Sunday, September 16, 2012

Wash Behind Your Neck

Well!  What a week it was!  Our daughter and son-in-law attended a meeting out in Las Vegas and Lake Tahoe all last week.   Their plane took off last Friday around 6:00 AM,  and returned the following Friday at midnight.

My husband and I stayed with the boys while mom and dad were gone.  We all had a good time together.  We were very happy there were no broken bones or any mishaps as we gave the boys back to mom and dad in the same condition as when they left them with us. 

John Scott 16, Will 13, Preston 10, Lawson 7

We slowly adjusted to our new schedule with the grandsons.  It was just like old times with our children, as we drove the grandchildren to and from school each day, made lunches, did homework, fixed meals, did the laundry, and just made sure everything was going smoothly in their lives.    My husband took the two oldest,  and I drove the two youngest to school each day.

My husband enjoyed teasing the  boys and often told them, "Wash behind your neck and keep on a fresh change of underwear."    Where have we all heard that before!

After about three days getting adjusted to this new and very busy schedule, I finally had time to think about grabbing the camera and trying to capture some of the beauty around us on the drive to school.
Hawk's Rise Elementary School is located in the subdivisions of Ox Bottom Manor and Summerbrooke and is the centerpiece of the two subdivisions.   Summerbrooke is named after Summer and Brooke, daughters of the subdivision developer.  I have searched and searched to find out where Ox Bottom Manor got it's name and no one seems to know ....  Who would think of such a name - there must be a good reason!

Some have said that Norman Rockwell would have wanted to paint Ox Bottom Manor, a small-town neighborhood where many children literally walk to their elementary school.

Each day as I drove the boys to school it was not unusual to see the school buses coming and going.

This community is located about nine miles north of Florida's downtown area, and Capitol Building, in the rolling hills, and canopy roads of Tallahassee.

I never get tired of looking at these beautiful old Live Oak trees.  The developer of this area did a great job  keeping the landscape as natural as possible.  I would imagine all of this surrounding land was probably old plantation land, since there were originally so many plantations in this region.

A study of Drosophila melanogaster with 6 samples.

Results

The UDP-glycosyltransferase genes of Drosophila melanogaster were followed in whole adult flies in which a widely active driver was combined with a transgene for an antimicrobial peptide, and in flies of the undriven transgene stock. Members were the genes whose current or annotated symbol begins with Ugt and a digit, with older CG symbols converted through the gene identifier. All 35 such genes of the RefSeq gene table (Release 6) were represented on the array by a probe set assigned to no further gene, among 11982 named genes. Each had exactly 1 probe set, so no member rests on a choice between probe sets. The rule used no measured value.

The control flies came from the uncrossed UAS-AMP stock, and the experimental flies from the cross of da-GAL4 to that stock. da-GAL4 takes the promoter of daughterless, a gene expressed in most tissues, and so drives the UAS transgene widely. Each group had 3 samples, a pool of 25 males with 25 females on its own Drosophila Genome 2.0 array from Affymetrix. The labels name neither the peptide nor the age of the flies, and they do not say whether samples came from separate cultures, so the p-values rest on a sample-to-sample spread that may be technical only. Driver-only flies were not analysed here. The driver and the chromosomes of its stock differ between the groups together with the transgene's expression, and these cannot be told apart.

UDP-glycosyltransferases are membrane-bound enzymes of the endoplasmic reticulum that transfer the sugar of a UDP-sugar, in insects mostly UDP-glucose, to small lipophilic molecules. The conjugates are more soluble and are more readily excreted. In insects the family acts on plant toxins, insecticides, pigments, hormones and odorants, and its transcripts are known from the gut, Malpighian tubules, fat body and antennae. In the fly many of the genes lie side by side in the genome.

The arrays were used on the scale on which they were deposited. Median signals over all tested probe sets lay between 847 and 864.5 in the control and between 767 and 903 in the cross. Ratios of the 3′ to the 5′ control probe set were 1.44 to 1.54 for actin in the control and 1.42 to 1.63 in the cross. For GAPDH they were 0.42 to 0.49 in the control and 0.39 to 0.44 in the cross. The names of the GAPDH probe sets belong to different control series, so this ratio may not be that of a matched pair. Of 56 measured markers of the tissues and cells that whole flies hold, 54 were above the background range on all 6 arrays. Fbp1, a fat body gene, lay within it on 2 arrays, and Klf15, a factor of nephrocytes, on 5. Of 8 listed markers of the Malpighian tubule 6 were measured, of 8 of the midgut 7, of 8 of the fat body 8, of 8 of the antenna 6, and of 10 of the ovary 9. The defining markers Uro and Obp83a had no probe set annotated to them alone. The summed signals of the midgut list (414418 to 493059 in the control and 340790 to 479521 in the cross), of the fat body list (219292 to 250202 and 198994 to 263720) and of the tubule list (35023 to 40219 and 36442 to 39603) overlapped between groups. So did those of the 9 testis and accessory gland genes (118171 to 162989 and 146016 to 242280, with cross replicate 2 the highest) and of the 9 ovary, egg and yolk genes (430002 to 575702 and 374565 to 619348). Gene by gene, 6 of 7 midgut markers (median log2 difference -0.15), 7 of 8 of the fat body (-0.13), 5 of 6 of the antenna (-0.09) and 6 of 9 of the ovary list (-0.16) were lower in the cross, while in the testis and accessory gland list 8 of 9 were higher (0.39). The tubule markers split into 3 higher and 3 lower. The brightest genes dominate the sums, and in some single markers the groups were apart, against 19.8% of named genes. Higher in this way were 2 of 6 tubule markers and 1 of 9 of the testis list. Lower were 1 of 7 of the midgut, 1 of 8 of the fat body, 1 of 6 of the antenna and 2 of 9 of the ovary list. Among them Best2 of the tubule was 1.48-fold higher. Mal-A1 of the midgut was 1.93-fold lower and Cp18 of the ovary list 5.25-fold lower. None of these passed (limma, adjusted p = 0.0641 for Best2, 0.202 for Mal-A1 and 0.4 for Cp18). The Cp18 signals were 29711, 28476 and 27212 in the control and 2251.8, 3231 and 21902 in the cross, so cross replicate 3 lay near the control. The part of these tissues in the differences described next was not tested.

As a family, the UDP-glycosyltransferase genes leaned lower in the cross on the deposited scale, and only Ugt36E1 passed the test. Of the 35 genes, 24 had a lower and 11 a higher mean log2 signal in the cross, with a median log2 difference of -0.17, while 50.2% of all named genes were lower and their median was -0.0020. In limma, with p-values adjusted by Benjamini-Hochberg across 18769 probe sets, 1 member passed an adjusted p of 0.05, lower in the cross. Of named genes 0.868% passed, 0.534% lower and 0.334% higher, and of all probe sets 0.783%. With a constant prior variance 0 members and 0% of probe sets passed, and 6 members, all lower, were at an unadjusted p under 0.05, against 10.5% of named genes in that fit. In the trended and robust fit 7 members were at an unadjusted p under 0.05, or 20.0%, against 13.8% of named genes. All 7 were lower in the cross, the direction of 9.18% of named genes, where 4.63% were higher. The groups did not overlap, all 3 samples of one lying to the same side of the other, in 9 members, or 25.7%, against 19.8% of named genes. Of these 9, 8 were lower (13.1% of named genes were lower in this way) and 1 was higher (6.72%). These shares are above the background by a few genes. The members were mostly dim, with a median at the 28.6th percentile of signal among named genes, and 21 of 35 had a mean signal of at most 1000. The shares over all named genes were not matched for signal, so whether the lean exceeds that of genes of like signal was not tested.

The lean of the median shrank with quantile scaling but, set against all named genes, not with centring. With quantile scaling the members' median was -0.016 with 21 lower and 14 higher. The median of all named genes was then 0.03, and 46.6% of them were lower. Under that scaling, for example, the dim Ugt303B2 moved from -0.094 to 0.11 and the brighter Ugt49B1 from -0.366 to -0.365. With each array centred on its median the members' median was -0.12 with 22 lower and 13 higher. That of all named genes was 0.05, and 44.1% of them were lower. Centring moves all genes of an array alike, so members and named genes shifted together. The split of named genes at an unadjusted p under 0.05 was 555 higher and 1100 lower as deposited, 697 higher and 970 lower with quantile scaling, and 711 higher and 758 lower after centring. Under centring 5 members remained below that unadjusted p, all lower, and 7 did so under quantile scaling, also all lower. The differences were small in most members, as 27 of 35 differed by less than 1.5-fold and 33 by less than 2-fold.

In the below picture we would see this water tower as we drove by on the way to school each day.    After I dropped the boys off at their classrooms, I circled back and snapped a photo of this interesting water tower.  It reminds me of a hot-air balloon.

Don't you wonder how old this tree is?  I sure would love to know.  And, it was full of Spanish Moss.  For some reason there seemed to be a lot more Spanish Moss on the trees this year

In the below photo, each day as I drove by,  this pretty white house would catch my eye.   I love the beautiful yellow Chrysanthemums on the porch.  They reminded me that Fall is almost here. 

In the above photo you can really see how dense the Spanish Moss is hanging from this tree,  and it is like this all over town this year.   I guess there is a good growing season for everything ... even Spanish Moss.

Spanish Moss is an air-plant and gets nutrients from air and rainfall.  It is a Southern plant and from what I  can find out, does not seem to survive too much north of south-eastern Virginia.  Isn't it pretty the way it drapes itself all over the tree branches.  It almost looks like someone went to a lot of trouble to decorate these trees.

While Spanish Moss is pretty and graceful to look at, one would never want to let children play with it or even touch it too much.   I have learned from experience,  it is full of red bugs and chiggers.  It is also home to lots of other critters, like snakes and spiders.

This tree in the below photo is about the largest one I saw during my travels through the area.

Driving out of the school subdivision and heading back home, I spotted this grouping of wildflowers.  They bring back memories.  When the children were little we enjoyed taking walks, and would often spot these wildflowers with the fun to pop pop-beans attached.   

I don't know the name of this pretty wildflower, but they remind me of Sweet Peas.

One day after picking the boys up from school,  Preston the 10 year old, asked me how fast I was going.  I told him I thought I was going about 20 miles an hour.  He then told me the speed limit was 30 miles an hour.  Picking up on the fact that he thought I was going too slow,  I explained we had just left a school zone, and I wanted to be prepared for anything that might happen, such as a child darting out in front of the car.   Lawson who is 7 and seated in the back seat then said,  "Preston, it's OK if she drives slow ... she's a grandma!"

Well!  I'm so glad you stopped by for a visit, and a little bit of Tallahassee sightseeing.  I do hope you join us again, and I hope you had a wonderful week too!


  1. Pat, I loved reading about your week with your grandsons (they are all so handsome!) ... and enjoyed sightseeing with you. Those grand old oaks are truly majestic ... especially with their mossy "curtains." I'm sure your daughter and son-in-law had a good time on their trip knowing their boys were in such loving and capable hands.

  2. Janie ~ How nice to hear from you. Thank you for stopping by. Yes, it was a fun week with the boys. We sat out on the back patio and watched mom and dad's plane fly over on the way to the airport as they returned home....we knew approximately what time they were arriving, so we knew when to start looking. Actually it was just the lights of the plane.